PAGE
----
Saturday morning. I'm sitting at my desk, looking out into the overcast skies of Los Angeles, CA. It's not hard to reflect on the events of the past week, as colorful and unforgettable as they were. Grizfolk was out for nearly a month, in the damn frozen tundra of the northeast U.S. Seriously, I've never been so thoroughly cold in my life, and I know full well that there are colder places in the world, none of which I care now to visit. I'm writing this from the comfort of 65 degrees, in a t-shirt, with the front door open. It's fucking glorious to be home. But it was all worth it.
The tour was epically punctuated by our first appearance on late night network TV. Specifically, the Late Show with David Letterman. We were full of nervous energy, the best kind that is usually reserved for moments like these, where it feels like your first time on a stage, your first performance, the culmination of a whole lot of hard work. My palms only sweat when I fly, and when I play Letterman, that I can tell you for sure. We arrived early in the day, for soundcheck and camera blocking. I walked in with Adam, and right on to the stage.
This isn't just any television stage. It's the stage of the Ed Sullivan Theater, the stage the Beatles played when they first came to America, the stage of history, the stage that is work to some, and mystical to most. I felt the music in it right away. It seeped in just like the biting wind outside seeps through my meager California clothing. The Late Show set itself is actually pretty humble, with Letterman's desk and guest chairs looking quite ordinary with the cameras and lights off, his chair being of the simple black metal folding variety, frequently used by pro wrestlers to pat each other on the back. Was very cool to see what the new york backdrop looks like as well, it's basically a scaled model on wheels that they roll in and out. But the cameras and the lights. They dominated the set, they're just everywhere, and the operators are like ninjas. Impressive.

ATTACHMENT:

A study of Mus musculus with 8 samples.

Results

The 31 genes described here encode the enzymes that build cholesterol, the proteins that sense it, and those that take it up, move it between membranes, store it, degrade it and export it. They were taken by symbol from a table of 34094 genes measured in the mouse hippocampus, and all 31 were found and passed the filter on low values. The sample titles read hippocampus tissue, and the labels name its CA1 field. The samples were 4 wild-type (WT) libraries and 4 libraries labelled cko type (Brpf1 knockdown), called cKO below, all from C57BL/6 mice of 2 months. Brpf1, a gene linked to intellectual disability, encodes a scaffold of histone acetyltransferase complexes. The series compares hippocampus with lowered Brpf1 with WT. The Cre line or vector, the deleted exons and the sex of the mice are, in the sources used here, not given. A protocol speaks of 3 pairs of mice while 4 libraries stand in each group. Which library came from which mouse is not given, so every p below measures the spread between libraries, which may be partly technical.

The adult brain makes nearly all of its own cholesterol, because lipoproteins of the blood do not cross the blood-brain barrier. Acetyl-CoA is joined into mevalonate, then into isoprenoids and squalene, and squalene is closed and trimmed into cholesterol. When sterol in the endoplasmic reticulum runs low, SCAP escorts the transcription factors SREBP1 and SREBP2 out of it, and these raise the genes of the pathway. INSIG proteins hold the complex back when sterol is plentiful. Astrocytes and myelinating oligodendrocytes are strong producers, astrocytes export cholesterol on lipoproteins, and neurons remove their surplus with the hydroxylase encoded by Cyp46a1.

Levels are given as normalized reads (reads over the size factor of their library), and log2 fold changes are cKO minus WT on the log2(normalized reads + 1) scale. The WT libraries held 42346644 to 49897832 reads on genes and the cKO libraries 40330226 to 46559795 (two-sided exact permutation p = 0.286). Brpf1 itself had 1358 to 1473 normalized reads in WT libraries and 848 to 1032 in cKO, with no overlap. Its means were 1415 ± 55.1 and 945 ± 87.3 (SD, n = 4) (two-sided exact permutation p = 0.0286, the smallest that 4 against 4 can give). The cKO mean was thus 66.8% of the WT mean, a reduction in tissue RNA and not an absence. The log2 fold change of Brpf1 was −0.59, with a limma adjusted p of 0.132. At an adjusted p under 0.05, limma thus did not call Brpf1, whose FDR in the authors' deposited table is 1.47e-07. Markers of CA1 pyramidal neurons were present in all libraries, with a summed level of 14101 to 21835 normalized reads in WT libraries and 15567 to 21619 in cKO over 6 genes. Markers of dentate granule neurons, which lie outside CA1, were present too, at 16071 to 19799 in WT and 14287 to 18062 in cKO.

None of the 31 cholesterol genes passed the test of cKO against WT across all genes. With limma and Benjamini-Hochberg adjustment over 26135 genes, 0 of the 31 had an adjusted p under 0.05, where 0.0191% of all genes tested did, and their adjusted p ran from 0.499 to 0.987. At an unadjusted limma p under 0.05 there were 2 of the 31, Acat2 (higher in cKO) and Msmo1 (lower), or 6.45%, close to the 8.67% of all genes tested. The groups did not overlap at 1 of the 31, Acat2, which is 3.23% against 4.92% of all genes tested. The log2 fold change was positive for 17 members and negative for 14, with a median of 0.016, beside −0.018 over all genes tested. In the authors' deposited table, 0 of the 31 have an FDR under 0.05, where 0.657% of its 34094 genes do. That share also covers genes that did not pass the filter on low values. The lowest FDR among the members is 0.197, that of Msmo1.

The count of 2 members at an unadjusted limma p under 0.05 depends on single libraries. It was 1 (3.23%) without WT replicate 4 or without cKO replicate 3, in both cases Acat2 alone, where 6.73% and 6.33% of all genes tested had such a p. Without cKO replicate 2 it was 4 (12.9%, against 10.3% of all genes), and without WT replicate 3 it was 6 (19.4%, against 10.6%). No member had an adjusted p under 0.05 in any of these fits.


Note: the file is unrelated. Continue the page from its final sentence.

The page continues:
Then there was the Late Show band, led by the inimitable and legendary Paul Shaffer. Their set-up impossibly compact, but very cool to see up close. The next few hours before taping both flew and crept by. We were rowdy and excitable, like horses at the starting gate, but also didn't want it to be over.
And then it was time. Hair, make-up, final mental preparations, zipper checks...
In a flash it was over, and it was just as exciting and fun as I was hoping it would be. So long Dave, and all my best. You were part of my childhood, my adulthood, and nearing the eve of your retirement, we finally got to meet in person as guests on your show. When I write my final top ten, this day will surely be on it.